Shift responsibility for your body language and posture to your conscious mind.

Key points

  • People rate public speakers higher when they have open body language and move towards the audience.
  • Focusing on body language with your conscious mind may take your focus away from the content of your presentation.
  • To give a successful presentation, practice enough that you can devote some conscious mind power to keeping your body language open.
Source: ThisIsEngineering/Pexels
Source: ThisIsEngineering/Pexels

Most of the research on posture and public speaking has focused on two aspects of body language that seem to offer opportunities for improvement with relatively little work.

First of all, there’s all the study of what Amy Cuddy calls “power poses.” The idea is to stand up straight, or to take up more space by putting your hands on your hips like Wonder Woman, or to smile broadly to indicate confidence. The basic idea with all this conscious positioning of the body is that if your mind finds you standing or smiling confidently, you’ll feel more confident.

Cuddy’s initial research seemed to show that merely standing powerfully would cause your body to issue more testosterone and fewer stress hormones. Subsequent research failed to support these initial findings, but participants do still report feeling (subjectively) better. So if power posing makes you feel better, there’s no reason not to do it.

The second aspect of body language research and speaking in this regard focuses on how your posture and gestures influence not yourself but other people—the audience.

Here the findings are more nuanced and complicated, but summing up, the openness of the speaker’s body language and her closeness to the audience both improve the positive reception of and higher ratings of the speaker.

But there’s a catch. You didn’t think it would be that easy, did you? A recent study found that students who relaxed their body language—slouched, in fact, in comfortable chairs—seemed to free up more of their cognitive power for solving math problems. If the same students were made to focus on sitting up straight at their desks, they performed more poorly on their exams.

What this research suggests is that focusing on body language with your conscious mind—activity normally left to the unconscious mind—may take some brain cycles away from thinking about the content of your speech, or anything else, for that matter.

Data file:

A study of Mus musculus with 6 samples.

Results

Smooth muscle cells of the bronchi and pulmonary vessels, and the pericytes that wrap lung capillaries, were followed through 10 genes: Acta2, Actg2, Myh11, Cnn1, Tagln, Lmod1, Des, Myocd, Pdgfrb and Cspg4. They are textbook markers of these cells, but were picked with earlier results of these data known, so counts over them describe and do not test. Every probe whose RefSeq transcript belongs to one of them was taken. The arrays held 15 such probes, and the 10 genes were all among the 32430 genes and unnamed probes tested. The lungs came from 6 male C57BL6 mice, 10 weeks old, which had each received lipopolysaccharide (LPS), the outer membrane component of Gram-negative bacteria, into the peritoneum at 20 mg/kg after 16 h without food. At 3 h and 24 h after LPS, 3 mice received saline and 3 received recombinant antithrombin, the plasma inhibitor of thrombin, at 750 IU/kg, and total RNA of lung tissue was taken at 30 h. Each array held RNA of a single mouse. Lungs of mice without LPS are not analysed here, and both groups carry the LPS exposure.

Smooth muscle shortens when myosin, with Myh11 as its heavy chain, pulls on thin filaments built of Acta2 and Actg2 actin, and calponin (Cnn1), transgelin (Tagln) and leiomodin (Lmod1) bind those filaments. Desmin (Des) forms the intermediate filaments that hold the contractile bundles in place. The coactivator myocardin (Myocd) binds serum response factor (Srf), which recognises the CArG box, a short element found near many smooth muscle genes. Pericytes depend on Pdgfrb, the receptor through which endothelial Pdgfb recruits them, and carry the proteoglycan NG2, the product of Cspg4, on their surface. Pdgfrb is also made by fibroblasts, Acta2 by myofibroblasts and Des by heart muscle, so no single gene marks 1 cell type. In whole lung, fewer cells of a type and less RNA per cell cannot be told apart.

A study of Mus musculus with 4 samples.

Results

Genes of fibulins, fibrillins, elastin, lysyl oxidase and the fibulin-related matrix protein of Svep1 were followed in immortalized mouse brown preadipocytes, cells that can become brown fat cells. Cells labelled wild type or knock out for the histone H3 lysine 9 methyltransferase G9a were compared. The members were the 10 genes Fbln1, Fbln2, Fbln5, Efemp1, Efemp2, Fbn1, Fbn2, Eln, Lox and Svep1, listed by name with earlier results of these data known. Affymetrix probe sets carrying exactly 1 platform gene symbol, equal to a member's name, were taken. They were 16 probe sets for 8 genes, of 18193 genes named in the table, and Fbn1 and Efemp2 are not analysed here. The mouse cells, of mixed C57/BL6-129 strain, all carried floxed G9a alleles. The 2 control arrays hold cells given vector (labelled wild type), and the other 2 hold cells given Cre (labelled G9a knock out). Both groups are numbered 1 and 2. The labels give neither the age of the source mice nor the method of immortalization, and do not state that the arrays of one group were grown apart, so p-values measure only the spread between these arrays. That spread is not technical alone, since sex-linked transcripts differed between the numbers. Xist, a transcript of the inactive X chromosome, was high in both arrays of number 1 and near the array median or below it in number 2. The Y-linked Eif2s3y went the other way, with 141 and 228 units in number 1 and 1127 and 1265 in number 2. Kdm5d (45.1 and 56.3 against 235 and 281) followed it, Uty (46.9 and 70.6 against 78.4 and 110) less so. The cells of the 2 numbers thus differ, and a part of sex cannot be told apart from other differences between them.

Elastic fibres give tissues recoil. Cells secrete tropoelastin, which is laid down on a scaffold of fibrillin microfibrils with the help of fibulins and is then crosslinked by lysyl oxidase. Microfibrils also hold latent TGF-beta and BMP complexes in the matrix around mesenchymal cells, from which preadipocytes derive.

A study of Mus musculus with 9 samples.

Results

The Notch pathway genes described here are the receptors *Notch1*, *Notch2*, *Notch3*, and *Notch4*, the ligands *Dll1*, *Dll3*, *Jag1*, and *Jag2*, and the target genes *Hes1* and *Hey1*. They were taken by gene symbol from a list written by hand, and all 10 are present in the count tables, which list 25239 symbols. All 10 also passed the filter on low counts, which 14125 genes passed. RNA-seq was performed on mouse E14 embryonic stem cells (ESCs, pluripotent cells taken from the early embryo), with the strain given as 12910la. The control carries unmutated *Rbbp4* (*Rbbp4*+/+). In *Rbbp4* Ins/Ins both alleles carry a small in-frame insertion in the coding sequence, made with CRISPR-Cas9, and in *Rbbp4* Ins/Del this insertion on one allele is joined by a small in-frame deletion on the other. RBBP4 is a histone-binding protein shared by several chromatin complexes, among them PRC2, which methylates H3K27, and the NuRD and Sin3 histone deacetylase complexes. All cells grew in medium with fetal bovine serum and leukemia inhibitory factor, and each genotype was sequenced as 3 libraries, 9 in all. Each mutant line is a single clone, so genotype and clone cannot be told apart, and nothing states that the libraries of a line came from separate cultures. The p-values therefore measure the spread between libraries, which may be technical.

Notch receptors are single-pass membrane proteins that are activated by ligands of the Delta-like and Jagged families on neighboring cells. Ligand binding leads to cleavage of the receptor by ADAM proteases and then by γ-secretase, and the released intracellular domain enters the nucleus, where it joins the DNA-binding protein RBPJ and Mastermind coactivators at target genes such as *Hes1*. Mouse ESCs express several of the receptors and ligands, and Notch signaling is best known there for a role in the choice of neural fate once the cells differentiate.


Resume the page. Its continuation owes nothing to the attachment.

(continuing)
Your conscious mind can handle something like 40 bps of information. That’s not very much, and so normally, most of the important work of keeping you going, walking, talking, and chewing gum falls to your unconscious mind, which can handle something like 11 million bps. If that unconscious mind operated in such a way as to cause you to naturally adopt a certain pose before you spoke and then stay open and close to your audience while speaking, you wouldn’t have to think about it (consciously), and public speaking would be a little easier.

But unfortunately, the instinctive behavior is often to retreat and close off from large crowds in order to play it safe. And power poses? Not so much. More like their opposite, the hide-in-a-corner-in-a-fetal-position pose comes to mind.

So to learn to speak well and successfully, in addition to mastering your content, figuring out what to wear, and a host of other desiderata, you need to shift responsibility for your body language and posture to your conscious mind—preferably while practicing your speech adequately—for as long as it takes to ensure a good result during the actual speech.

If you avoid thinking about your posture and body language and leave it to chance, then you may adopt the instinctive body language and posture that humans have evolved to respond to threats with: self-protective, withdrawing, and timorous. Is that the persona you wish to project?